As Seen in Dwell April 2012
The category of modern lighting didn't develop all on its own. Since 1967, Robert Sonneman has helped to pioneer modern lighting as an art form with his world-famous designs. Inspired and driven by a fascination with architecture and design, Sonneman's work is anchored by an infinite curiosity and desire to create innovative products for the home. Working with leading designers like George Kovacs and adhering to adages from Mies van der Rohe has helped Sonneman to cultivate a distinctively practical approach to product development. His well-known designs have become the subject of countless articles and exhibitions, many of which have become classics of the modern era.
At once bold, sleek and seductively modern. Available exclusively at Lumens, the Atelier Chandelier lets the owner take charge, with the ability to adjust the configuration of each exposed light—up, down, and pointed any which way. Each of the six or eight arms swivels around the main stem, with a stabilizing bar at the bottom to hold it steady.
First introduced in 1955 by Finnish designer Ilmari Tapiovaara, who wanted to bring functional furniture to the wider public. Now part of the Artek portfolio, his minimalist collection from soft pine and solid birch wood maintains the timeless heritage of Finnish design. The Pirkka Table merges classic, casual design with contemporary aesthetics, making it ideal for the modern home.
by Blu Dot
With modern, clean lines and a minimal footprint on a space, A Tempo could give new meaning to the waste basket. The A Tempo collection began with a desire to work with simple metal wire, an elementary material rarely considered for domestic use. Designed by contemporary artist Pauline Deltour to play in a crescendo of rhythm, movement, length, and density, using the wire as a graphic element.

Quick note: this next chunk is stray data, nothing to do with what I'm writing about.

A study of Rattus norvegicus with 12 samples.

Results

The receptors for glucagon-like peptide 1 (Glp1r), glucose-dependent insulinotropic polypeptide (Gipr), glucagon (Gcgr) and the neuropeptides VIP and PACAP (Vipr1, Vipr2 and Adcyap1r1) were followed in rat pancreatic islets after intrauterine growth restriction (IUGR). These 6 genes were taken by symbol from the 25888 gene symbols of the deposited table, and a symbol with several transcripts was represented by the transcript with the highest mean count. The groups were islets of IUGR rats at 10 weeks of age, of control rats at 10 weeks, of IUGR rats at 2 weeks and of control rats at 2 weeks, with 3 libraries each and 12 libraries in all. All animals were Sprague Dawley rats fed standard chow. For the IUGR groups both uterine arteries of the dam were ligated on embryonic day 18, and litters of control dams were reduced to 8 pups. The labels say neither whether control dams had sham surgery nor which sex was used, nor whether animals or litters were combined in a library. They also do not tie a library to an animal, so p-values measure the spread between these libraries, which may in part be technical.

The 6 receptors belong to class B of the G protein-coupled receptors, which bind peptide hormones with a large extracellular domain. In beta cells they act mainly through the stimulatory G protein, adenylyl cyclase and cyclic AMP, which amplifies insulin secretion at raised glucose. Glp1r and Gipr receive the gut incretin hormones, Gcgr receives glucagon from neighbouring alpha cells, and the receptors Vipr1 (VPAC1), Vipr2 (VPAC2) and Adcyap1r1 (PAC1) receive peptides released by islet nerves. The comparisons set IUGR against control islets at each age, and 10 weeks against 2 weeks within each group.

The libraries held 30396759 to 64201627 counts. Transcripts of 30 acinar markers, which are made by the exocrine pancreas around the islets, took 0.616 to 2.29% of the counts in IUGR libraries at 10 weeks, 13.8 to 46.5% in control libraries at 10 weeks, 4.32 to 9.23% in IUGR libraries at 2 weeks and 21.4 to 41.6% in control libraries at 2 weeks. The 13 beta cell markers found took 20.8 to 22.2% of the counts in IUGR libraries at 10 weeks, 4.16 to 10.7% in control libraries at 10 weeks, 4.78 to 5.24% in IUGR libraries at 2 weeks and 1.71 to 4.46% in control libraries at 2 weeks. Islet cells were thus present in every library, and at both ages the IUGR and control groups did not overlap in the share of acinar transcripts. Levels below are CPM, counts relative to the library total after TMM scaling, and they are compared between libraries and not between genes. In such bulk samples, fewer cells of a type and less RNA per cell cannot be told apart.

Creating seemingly simple designs with big impact is one of the things Kartell does best. The feminine form of the Thayla Chair is topped off by a delicate criss-cross pattern around the back of the seat and backrest. Created by French designer Patrick Jouin, who has contributed more than 46,000 designs to the urban landscape in Paris, from architecture, to furniture, to handicraft.
Tick tock, ya don’t stop! Designer Pio Manzu’s Cronotime Clock is a reintroduction of the original from 1966. This tiny timepiece stands just 3.25 inches tall, taking up little real estate on a table or desk. The Chronotime clock is named after the mythological incorporeal Greek god Chronos, who is the personification of time.
The architectural appeal of the Crevasse Flower Vase earned it a seat at the Philadelphia Museum of Art. It’s actually two vases in one, cut from a single block and scored diagonally to create warped, invertered surfaces. The two pieces can stand alone or be playfully connected together. Designed by architect Zaha Hadid, 2004 winner of the highly regarded Pritzker Architecture Prize.
The designs in DwellStudio’s collection of textiles can bring together a room, and the Gate pattern is one that does it flawlessly and naturally. An understated pattern inspired by the architectural details of a classic gate, the Gate Rug provides graphic décor for the floor, not to mention it’s soft underfoot, made from a wool/cotton blend.